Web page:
If you live in the northern hemisphere, chances are the weather’s not as pleasant as it was six months ago. In the upper Midwest of the United States, winter is pretty brutal right about now. How brutal? As I type it is -2 degrees Fahrenheit with a windchill of -16 (that’s -19C and -27C, respectively). Yes, it could be worse, and may be in the near future. But when this is daily reality for a significant portion of the US, millions of people are left with only two options: hibernate for the winter, or get on with gettin’ on.
I like to think that this is the mentality that spawned ice fishing, a sport which first lodged itself in my brain at the impressionable age of 18. About a week before leaving my Oregon home to attend college in Minnesota, my family happened to tune into Michael Feldman’s “Whad’ya Know” on public radio. One of the questions asked what ratio of Minnesotans go ice fishing. The answer: “One in five, which is only 700,000 fishermen.” I thought he was kidding, but no. Each year 700,000 Minnesotans trudge out into the cold and go sit on frozen lake in a little shack and stare at a hole in the ice…for hours. But there is more than just fishermen on those lakes, and more is getting wrangled than just fish and beer. I give you: THE ART SHANTY PROJECT!
I recently visited the Art Shanty Projects on Medicine Lake. Located just a short drive west of the Twin Cities, the shanties are now entering their seventh year of playfully skewering the state’s notorious pastime. Establishing a temporary installation every year from late January to early February, the rotating cadre of artists make the most of their circumstances to unite friends and families in outdoor whimsy during winter’s doldrums.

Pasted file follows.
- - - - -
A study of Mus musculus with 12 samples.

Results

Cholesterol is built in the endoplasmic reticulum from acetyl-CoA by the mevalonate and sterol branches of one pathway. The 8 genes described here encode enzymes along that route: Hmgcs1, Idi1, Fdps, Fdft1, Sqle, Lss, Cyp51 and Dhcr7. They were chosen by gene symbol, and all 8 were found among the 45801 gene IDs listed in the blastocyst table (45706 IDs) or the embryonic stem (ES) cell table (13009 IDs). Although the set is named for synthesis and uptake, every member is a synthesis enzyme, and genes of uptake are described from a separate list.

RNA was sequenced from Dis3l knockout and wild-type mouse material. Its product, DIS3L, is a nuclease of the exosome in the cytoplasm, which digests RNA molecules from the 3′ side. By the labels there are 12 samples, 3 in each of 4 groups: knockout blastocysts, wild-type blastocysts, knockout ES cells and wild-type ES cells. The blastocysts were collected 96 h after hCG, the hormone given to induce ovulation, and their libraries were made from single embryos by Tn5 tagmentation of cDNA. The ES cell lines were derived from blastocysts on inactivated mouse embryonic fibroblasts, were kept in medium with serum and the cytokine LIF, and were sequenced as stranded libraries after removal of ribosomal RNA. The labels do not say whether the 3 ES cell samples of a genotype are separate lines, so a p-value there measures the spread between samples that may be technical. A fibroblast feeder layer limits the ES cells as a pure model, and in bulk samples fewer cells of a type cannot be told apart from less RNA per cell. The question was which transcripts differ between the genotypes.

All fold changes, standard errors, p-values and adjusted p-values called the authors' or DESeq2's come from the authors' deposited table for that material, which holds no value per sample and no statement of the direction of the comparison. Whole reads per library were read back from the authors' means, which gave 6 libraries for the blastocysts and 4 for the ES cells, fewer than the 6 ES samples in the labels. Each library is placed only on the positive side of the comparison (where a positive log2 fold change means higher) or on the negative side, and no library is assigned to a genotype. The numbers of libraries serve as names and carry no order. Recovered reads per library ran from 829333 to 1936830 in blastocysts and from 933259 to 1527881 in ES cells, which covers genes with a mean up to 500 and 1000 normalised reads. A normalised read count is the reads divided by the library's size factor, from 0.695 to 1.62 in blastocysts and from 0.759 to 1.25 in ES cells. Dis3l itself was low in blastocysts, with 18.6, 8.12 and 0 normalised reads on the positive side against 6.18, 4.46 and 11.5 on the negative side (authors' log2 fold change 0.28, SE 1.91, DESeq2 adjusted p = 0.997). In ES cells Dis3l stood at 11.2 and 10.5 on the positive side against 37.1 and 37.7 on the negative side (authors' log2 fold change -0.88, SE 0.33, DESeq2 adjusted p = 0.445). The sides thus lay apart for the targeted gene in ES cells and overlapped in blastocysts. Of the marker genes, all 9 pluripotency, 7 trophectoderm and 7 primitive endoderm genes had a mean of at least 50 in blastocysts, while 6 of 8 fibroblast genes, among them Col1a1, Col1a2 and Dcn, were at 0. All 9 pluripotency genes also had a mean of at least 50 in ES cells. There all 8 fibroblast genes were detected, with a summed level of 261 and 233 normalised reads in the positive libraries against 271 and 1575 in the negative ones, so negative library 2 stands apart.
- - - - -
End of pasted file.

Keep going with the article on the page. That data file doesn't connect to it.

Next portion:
Despite a set of installments that changes each year, past favorites like The Snapshot Shanty are regular features, as are the daily BIcicle Races [sic] held at noon each day on, yes, an ice track encircling the shanties. Between perusing installations such as the doodle shack (Make and hang your own paper snowflake! Write on the walls! Challenge your friend to a portrait joust outside!), sweating it out in the sauna shanty, and twisting till your legs are jelly in the dance shanty, the options are endless.
In yet another grand eff-you to the weather, an outdoor barbecue can often be found providing sustenance to visitors in the form of traditional summer fare.
The 2010 exhibit will be open to the public each weekend, January 16th through February 7th. Admission and parking are free, but donations to the are gladly accepted. A complete list of this year’s shanties and scheduled events can be found at the Art Shanty Project’s website. Already love the shanties as much as I do? Become a fan on Facebook!
Notes for visitors: While we here at the Atlas are in no position to condone or prohibit public intoxication, we’d like to make our life lessons public fodder so others may learn from our mistakes. For instance, I would like to personally recommend restricting one’s bloody mary intake at brunch beforehand to that perfect level where one is bolstered against the wind thanks to a warm belly… but not too primed that participating in creations such as the robot shanty, which rocked visitors back and forth like a carnival ride, becomes a test of one’s iron stomach. You never know what you’ll encounter in the Art Shanties!
Also, keep in mind that you’ll be walking across an icy (read: slippery), exposed lake. Shod and dress appropriately… but don’t forget your bathing suit for the sauna, should it be around again this year!